Catholic Classroom: Holy Days of Obligation
Question: What are holy days of obligation?
Holy days of obligation are days of special liturgical significance on which we celebrate the most important mysteries of our faith. These solemnities hold the same importance as Sundays, and the faithful are required to attend Mass on these days. The number of holy days of obligation varies from country to country. The Vatican celebrates 10 holy days of obligation, but it has allowed individual conferences of bishops to transfer or suppress some days, with permission.
In the United States, we observe six holy days of obligation, in addition to Sundays. The bishops of the United States have transferred some of the Vatican’s feasts, including the Epiphany and the Body and Blood of Christ, to Sundays. For the holy days that we do celebrate on their original day, Catholics have the obligation to attend Mass, except in certain circumstances (mentioned below).
Here are the holy days of obligation we celebrate in the United States:
- The Solemnity of Mary, Mother of God (January 1) – On this day, we celebrate Mary as God’s mother and our own mother. Coinciding with New Year’s Day, this solemnity gives us an opportunity to honor our Blessed Mother in a special way. If this solemnity falls on a Saturday or a Monday, there is no obligation to attend Mass.
- The Solemnity of the Ascension (Thursday of the Sixth Week of Easter) – Forty days after Easter, we celebrate Jesus’ ascension into heaven, done by his own power and will. Traditionally, this solemnity is celebrated on Thursday of the Sixth Week of Easter. However, some dioceses in the United States have chosen to transfer the observance to the Seventh Sunday of Easter.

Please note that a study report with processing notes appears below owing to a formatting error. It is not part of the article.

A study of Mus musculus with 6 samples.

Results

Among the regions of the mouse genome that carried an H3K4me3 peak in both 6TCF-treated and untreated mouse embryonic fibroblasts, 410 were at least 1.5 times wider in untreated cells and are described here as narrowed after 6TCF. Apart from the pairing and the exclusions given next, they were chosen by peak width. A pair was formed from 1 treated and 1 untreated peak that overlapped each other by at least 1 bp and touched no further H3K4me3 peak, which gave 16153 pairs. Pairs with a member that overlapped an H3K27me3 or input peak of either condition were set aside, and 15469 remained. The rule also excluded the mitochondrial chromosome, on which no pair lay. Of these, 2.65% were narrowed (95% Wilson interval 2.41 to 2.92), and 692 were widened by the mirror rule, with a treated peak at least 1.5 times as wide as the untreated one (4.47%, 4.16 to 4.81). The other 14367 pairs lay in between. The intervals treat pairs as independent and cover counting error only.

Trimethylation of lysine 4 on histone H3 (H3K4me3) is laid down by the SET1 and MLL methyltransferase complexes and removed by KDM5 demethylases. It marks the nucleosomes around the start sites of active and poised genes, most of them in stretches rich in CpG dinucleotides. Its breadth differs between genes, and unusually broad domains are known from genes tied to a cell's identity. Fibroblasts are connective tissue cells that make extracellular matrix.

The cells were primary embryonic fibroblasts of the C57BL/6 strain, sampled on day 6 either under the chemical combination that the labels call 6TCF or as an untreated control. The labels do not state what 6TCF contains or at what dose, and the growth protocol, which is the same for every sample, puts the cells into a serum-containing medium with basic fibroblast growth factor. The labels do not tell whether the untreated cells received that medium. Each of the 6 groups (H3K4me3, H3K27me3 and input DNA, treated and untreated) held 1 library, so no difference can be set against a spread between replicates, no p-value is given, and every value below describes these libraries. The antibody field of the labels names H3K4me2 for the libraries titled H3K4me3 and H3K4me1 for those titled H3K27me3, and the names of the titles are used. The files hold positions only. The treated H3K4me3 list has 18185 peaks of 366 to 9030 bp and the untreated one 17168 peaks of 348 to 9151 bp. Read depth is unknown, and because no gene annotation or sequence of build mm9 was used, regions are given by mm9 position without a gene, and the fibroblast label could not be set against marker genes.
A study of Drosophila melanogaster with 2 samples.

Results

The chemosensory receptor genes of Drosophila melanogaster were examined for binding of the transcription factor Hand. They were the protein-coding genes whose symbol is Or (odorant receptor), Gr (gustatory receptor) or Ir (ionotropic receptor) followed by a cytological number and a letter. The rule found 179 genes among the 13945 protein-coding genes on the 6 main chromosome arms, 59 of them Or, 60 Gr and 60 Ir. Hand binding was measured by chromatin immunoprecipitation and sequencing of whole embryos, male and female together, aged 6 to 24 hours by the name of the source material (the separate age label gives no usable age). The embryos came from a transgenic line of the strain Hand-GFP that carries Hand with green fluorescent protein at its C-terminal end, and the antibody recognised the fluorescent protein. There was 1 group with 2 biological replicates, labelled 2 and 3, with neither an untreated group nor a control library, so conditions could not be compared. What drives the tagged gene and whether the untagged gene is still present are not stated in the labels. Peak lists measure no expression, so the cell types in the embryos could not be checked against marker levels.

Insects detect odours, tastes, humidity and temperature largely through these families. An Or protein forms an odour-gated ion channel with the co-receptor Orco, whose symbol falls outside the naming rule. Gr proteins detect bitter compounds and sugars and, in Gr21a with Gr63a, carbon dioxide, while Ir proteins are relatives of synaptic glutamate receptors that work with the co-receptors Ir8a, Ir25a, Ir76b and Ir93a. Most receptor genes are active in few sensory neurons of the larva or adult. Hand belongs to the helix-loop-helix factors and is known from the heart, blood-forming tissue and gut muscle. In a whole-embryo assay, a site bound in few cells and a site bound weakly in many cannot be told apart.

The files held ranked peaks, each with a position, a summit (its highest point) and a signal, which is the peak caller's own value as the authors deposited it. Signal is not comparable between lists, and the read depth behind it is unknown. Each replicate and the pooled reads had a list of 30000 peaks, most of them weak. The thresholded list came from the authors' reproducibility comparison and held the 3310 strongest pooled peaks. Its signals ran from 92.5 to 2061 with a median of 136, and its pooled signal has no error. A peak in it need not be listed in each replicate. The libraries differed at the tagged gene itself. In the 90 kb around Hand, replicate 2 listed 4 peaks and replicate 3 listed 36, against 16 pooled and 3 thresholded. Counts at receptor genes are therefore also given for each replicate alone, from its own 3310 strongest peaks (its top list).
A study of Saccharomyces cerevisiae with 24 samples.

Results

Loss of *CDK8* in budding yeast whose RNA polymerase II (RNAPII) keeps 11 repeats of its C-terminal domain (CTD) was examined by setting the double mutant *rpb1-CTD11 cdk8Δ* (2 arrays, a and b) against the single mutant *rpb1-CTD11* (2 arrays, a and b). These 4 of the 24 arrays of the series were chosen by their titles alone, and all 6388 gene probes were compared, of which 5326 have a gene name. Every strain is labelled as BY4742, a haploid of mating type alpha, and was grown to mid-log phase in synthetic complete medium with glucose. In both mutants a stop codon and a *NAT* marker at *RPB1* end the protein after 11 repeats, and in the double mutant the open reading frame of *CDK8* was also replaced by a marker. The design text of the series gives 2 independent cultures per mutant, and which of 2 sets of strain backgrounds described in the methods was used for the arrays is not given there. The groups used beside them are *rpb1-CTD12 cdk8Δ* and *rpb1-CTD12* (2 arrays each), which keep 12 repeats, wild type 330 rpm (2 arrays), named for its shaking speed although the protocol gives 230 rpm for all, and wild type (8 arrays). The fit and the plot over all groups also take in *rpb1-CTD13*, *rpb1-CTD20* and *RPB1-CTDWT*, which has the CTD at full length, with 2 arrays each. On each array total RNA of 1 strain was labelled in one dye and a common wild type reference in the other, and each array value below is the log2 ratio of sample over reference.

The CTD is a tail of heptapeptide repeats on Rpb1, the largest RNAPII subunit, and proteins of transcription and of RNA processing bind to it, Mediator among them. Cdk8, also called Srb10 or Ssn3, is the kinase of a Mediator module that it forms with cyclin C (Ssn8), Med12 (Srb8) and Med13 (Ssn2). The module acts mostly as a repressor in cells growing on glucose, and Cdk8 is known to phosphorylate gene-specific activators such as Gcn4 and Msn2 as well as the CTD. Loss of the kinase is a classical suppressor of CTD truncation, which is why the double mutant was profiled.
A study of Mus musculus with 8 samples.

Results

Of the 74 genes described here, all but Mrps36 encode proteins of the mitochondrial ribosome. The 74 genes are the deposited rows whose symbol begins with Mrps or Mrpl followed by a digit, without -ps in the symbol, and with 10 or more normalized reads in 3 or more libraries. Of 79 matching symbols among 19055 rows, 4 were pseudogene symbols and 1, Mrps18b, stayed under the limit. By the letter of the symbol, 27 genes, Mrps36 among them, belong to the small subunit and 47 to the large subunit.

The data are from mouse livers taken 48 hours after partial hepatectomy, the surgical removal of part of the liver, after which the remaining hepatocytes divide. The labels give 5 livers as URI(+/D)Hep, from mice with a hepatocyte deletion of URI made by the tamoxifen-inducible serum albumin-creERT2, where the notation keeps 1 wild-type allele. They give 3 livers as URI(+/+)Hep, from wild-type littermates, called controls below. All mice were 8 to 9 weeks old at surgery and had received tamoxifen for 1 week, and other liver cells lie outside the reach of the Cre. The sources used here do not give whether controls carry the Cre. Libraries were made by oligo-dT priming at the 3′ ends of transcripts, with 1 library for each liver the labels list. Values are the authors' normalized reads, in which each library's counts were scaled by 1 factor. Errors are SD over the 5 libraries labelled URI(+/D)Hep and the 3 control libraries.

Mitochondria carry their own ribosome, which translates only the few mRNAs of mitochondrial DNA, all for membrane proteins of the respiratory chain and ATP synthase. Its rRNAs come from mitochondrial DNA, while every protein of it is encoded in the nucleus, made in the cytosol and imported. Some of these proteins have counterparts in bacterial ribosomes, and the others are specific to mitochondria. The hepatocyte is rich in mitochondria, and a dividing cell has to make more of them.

- The Solemnity of the Assumption of the Blessed Virgin Mary (August 15) – This Marian feast day celebrates the end of Mary’s earthly life when God assumed her, body and soul, into heaven. Just as she was preserved from the stain of sin, so also her body must not have decayed in death. If this solemnity falls on a Saturday or a Monday, there is no obligation to attend Mass.
- The Solemnity of All Saints (November 1) – Not all saints are known to us (read more about the canonization process), and the saints we do know do not all have memorials or optional memorials on the liturgical calendar. We celebrate these saints on the Solemnity of All Saints. If this solemnity falls on a Saturday or a Monday, there is no obligation to attend Mass.
- The Solemnity of the Immaculate Conception (December 8) – On this day, we celebrate our Blessed Mother’s conception without original sin. Mary still had to be saved by Jesus from sin—the difference is that she was saved before she was born, as opposed to other human beings, all of whom are born with original sin. Mary’s Immaculate Conception was defined as dogma in 1854.
- Christmas, the Nativity of Our Lord (December 25) – Christmas is the celebration of Jesus’ birth. This well-known feast is one of the most important in the Church’s calendar. On this day, we recognize the mystery of our loving God who became incarnate to save us.